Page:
The perils of airline security
Is it just me and my imagination, or is airline security becoming more irrational every day? For instance, consider the security check before boarding. It is adamant and removes all nail scissors regardless of size, but as soon as you board the aircraft, the steward gives you a glass bottle with a smile and offer you to buy more in the tax-free. A Molotov cocktail kit can be yours for a few bucks. In fact, there are often sharper plastic knives in the air than there are penknives on the ground.
They are also very suspicious about any liquids brought on board, unless you place it in a bottle and say it’s for your little child. For some reason they seem to believe that people with children are incapable of performing bad things. And why bother with liquids in the first place, when there is stuff such as Semtex. It doesn’t show up on X-ray machines and smells of marzipan.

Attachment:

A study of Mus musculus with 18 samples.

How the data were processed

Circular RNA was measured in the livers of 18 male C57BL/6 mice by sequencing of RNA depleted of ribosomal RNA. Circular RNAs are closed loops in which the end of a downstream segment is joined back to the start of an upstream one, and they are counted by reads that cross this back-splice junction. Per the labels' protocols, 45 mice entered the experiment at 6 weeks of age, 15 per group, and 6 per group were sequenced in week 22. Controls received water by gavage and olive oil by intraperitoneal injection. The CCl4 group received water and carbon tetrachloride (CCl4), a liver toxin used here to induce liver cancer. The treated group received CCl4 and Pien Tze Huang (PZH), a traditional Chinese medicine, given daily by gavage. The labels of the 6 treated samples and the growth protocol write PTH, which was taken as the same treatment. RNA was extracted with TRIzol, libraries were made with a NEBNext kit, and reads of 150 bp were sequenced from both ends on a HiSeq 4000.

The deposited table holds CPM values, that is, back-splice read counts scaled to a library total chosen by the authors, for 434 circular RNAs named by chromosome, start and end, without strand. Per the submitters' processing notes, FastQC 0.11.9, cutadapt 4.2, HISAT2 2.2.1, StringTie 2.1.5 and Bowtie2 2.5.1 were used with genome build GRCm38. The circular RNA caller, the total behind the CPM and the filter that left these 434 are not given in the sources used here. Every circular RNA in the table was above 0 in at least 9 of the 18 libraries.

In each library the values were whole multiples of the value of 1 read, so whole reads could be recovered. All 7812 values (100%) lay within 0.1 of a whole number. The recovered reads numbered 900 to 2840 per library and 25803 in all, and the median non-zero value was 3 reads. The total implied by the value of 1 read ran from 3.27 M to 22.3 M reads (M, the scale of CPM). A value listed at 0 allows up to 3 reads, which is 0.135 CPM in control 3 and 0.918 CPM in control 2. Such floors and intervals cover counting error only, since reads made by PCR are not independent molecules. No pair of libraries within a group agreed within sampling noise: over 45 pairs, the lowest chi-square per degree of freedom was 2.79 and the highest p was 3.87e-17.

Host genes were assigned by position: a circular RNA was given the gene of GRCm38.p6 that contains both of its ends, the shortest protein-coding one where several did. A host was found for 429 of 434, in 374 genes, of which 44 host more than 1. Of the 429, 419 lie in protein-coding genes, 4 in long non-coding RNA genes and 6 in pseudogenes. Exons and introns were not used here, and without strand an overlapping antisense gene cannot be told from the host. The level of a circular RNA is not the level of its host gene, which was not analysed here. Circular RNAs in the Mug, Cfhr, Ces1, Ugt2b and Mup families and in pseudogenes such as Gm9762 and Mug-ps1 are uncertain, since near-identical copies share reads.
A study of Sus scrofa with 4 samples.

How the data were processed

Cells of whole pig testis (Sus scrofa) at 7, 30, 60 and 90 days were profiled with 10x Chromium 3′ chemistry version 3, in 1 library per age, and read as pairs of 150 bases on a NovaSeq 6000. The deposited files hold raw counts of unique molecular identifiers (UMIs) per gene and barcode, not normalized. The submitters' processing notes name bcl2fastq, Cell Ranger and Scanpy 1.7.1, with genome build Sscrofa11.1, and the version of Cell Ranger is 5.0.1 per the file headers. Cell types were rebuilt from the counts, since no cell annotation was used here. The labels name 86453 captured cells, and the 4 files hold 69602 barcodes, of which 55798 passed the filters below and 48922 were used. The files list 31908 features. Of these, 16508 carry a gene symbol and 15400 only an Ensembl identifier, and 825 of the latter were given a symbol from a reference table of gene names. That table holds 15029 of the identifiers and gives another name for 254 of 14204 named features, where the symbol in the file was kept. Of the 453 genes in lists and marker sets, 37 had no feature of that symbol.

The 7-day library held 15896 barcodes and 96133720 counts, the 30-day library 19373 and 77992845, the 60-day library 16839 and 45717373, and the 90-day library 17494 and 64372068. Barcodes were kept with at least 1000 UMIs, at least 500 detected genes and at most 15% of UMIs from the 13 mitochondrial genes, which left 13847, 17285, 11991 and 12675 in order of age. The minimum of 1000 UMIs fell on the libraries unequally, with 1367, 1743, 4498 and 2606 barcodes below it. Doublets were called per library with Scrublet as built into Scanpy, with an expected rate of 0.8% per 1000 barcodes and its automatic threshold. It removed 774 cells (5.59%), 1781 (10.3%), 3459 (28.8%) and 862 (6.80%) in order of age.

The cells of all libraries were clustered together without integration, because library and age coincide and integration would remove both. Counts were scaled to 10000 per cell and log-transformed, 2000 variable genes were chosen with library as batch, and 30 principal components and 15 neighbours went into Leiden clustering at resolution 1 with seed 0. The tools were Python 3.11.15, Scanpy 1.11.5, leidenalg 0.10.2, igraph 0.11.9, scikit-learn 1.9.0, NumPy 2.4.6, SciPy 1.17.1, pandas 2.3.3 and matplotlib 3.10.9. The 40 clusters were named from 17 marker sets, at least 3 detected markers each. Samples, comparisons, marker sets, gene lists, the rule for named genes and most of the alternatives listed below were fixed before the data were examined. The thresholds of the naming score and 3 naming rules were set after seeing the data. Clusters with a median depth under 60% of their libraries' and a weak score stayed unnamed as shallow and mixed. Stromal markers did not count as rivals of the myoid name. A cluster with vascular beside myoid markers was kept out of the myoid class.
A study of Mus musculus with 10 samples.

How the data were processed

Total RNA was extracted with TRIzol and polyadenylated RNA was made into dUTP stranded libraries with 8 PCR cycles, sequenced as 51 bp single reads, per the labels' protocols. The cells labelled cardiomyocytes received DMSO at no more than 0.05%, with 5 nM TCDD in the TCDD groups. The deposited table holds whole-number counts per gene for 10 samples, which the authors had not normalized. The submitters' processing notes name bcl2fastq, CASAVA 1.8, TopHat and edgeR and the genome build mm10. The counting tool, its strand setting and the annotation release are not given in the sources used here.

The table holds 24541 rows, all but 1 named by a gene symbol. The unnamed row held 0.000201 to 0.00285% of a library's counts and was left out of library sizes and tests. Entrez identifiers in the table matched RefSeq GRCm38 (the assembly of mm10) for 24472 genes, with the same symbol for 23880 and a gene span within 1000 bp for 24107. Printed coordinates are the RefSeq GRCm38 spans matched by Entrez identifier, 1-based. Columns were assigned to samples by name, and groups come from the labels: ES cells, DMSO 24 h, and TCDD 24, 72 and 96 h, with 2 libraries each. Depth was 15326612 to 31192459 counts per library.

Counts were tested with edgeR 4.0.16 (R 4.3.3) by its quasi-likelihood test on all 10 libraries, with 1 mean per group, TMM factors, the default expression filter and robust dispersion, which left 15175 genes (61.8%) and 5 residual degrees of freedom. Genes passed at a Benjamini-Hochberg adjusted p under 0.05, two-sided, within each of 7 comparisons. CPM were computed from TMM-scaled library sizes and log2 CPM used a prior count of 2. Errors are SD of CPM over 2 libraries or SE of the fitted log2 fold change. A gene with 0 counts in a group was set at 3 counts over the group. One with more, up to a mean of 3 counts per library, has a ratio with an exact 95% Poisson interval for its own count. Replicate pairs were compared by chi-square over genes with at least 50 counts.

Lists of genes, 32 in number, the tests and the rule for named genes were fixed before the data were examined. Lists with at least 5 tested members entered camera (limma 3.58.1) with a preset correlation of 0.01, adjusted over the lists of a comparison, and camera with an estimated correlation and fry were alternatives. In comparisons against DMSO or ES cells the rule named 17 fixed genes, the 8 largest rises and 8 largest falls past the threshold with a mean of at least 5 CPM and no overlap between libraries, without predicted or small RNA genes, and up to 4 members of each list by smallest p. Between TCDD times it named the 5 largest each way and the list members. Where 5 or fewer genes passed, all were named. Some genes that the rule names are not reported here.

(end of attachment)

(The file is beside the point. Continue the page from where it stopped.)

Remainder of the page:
Some airlines remove row 13 out of superstition, but they love to place people next to an emergency exit door where anyone may reach for the open handle while sleepwalking.
This “no brain” attitude extends to passengers as well. I read about an American architect going to a plane at JFK, who had to change t-shirt prior to boarding because it contained Arabic text which supposedly frightened passengers. On another flight going from Spain to England, passengers were requesting the removal of another passenger since he kept looking at his watch.
After 9/11, a lot of new rules were introduced. The pilots were locked into their flight decks and the stewards have to remember ridiculous passwords to enter.
I understand the very real threat of terrorism, but I believe it would be wise to beat the bad guys by applying smart security instead of enforcing yet another restriction.
On a side notice, here is a demonstration of an Airbus A380 emergency simulation, where 873 people are evacuated in 77 seconds.
The fact that the flight attendants are screaming orders in German might not ease the situation.